Like many industries, U.S. agriculture has long carried with it a racial equity problem, tracing back to American slavery. Since the start of 2020, many companies have stepped up to voice support for social justice measures, and Cargill has created a partnership to help dismantle these inequities: the Black Farmer Equity Initiative. Cargill says it will be partnering with the National Black Growers Council and 100 Ranchers to further the initiative’s mission.
According to a press release put out by Cargill, the ultimate goal is to work with customers, nonprofits, and others to help increase the participation and profitability of Black farmers. As a first step, the partners will convene listening sessions with Black farmers, ranchers and producers, to map barriers and prioritize ways to improve market access and financial inclusion, sustainable agricultural practices, support next-generation agriculture leaders and advocate for policies that advance equity in agriculture.
“Cargill’s engagement will help create long-term solutions to increase market opportunities and earnings potential for our growers,” said PJ Haynie III, chairman of the Black Growers Council.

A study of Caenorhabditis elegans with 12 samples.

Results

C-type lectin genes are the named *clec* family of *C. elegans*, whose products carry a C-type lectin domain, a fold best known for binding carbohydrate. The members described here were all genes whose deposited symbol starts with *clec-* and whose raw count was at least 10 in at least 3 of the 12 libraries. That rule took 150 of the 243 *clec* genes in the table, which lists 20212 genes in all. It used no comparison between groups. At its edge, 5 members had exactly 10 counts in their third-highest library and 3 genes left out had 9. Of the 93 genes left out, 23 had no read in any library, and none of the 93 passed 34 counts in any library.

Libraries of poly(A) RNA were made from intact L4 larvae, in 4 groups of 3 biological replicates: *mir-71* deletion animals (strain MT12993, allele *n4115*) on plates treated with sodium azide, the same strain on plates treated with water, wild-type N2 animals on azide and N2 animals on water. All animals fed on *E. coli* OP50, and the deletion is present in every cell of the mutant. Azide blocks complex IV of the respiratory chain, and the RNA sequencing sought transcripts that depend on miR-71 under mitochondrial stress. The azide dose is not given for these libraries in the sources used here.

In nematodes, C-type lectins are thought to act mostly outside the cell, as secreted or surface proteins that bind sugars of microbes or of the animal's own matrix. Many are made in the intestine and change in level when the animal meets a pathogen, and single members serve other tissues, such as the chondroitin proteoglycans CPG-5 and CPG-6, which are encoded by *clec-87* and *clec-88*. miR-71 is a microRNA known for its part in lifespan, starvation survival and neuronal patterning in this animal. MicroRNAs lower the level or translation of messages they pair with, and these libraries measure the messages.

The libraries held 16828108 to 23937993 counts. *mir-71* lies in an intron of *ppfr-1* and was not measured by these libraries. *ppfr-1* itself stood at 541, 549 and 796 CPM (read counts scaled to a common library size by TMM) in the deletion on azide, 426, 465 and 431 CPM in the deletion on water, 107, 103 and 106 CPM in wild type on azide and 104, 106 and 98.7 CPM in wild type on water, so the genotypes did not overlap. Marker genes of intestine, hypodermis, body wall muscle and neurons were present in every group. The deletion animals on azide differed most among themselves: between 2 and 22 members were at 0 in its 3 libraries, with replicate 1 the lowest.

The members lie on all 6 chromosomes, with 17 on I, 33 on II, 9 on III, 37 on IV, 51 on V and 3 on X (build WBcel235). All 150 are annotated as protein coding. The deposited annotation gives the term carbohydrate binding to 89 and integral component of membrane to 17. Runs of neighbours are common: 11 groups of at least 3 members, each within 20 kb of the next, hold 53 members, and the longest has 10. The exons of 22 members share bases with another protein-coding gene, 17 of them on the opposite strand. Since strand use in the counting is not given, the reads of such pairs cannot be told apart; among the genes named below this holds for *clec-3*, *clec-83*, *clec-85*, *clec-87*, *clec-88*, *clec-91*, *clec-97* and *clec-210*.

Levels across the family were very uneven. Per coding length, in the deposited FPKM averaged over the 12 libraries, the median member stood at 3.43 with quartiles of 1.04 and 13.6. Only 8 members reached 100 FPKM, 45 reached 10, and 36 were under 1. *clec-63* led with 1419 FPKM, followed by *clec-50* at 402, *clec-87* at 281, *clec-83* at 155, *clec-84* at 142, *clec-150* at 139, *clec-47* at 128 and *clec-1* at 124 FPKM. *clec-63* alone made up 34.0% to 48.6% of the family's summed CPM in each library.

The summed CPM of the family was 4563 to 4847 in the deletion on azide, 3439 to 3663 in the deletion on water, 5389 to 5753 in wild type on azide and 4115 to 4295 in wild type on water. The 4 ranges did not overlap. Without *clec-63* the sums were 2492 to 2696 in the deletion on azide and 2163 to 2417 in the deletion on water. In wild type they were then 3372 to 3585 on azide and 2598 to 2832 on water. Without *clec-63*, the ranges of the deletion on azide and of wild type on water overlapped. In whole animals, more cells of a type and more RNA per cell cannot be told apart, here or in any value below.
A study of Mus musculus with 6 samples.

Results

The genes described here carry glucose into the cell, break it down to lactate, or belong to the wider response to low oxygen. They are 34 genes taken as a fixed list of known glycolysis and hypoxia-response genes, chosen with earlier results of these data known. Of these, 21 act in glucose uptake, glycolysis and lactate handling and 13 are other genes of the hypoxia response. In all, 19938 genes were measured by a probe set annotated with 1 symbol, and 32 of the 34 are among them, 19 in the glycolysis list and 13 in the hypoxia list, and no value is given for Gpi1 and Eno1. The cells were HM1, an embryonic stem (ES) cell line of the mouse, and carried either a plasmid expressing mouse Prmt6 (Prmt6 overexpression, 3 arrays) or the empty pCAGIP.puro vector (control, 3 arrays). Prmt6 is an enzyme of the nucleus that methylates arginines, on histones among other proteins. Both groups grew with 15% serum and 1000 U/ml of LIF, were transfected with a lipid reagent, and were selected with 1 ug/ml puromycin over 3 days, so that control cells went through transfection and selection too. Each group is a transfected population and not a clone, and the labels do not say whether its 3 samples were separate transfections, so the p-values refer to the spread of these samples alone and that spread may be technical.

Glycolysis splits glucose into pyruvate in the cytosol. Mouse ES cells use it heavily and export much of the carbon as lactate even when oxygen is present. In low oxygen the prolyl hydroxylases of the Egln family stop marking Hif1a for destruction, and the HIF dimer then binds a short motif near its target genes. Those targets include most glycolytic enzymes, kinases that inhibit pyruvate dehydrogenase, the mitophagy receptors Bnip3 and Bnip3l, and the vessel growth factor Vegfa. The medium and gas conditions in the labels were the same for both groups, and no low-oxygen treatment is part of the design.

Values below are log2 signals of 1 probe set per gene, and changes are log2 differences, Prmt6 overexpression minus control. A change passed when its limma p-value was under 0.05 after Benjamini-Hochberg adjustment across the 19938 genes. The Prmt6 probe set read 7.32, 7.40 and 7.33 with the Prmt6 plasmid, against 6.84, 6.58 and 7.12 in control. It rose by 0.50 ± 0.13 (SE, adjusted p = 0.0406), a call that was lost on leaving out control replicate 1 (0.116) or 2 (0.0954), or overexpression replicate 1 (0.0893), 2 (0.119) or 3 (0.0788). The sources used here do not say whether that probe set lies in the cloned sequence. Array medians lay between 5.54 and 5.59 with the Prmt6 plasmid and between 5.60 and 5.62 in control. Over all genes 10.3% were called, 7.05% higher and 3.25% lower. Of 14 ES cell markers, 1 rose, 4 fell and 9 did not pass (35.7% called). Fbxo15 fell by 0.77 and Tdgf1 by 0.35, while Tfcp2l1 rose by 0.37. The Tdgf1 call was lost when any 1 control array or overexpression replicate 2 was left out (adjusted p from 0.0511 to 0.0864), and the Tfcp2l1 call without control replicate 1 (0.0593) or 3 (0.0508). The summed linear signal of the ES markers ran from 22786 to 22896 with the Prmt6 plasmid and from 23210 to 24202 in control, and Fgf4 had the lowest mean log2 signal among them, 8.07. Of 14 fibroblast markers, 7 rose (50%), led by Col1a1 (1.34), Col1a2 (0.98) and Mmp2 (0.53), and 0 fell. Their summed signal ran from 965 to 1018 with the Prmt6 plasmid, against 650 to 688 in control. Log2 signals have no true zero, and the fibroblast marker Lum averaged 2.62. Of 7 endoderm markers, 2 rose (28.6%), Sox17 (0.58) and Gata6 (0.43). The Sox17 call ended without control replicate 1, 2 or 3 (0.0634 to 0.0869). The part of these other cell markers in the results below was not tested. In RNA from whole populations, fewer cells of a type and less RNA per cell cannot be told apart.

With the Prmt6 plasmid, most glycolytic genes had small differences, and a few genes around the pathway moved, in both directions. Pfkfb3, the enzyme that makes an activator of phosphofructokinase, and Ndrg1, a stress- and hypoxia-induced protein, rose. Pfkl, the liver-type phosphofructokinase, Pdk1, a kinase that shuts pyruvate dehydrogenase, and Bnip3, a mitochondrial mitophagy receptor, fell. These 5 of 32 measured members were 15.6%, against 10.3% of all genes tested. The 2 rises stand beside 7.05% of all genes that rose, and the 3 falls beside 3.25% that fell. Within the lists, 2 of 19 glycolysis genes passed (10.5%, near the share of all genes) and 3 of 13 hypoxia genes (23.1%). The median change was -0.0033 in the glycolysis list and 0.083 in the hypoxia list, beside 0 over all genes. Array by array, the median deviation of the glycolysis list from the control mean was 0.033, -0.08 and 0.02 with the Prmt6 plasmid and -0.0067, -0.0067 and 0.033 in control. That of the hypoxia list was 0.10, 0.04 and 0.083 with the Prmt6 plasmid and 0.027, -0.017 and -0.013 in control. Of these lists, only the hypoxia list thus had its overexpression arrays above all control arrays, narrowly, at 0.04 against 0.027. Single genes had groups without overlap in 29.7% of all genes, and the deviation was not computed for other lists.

The Black Farmer Equity Initiative is part of a larger effort by Cargill to put its resources toward advancing diversity, equity, and inclusion in the agriculture industry and in the communities where the company operates. To address anti-Black racism in the United States, Cargill has signed on to Management Leadership for Tomorrow’s Black Equity at Work Certification, joined the OneTen partnership, and dedicated resources to the CEO Action for Racial Equity. In its headquarters community, Cargill is advancing programs through the Cargill Foundation and with the Minnesota Business Coalition for Racial Equity. Globally, the company has contributed more than $15 million in the last year to programs that strengthen and support marginalized or underrepresented communities.
Cargill, which has 155,000 employees across 70 countries, says it has dedicated itself to supporting farmer livelihoods in the United States and around the globe.
“Our values drive us to put people first. That is why we are working to address anti-Black racism by helping make the agricultural economy work for more producers,” said Anna Richo, Cargill’s general counsel, Chief Compliance Officer and corporate secretary. “Racism is systemic, so our approach to addressing it must also be systemic. The status quo is not acceptable. We must do more in food and agriculture to invest in the Black community.”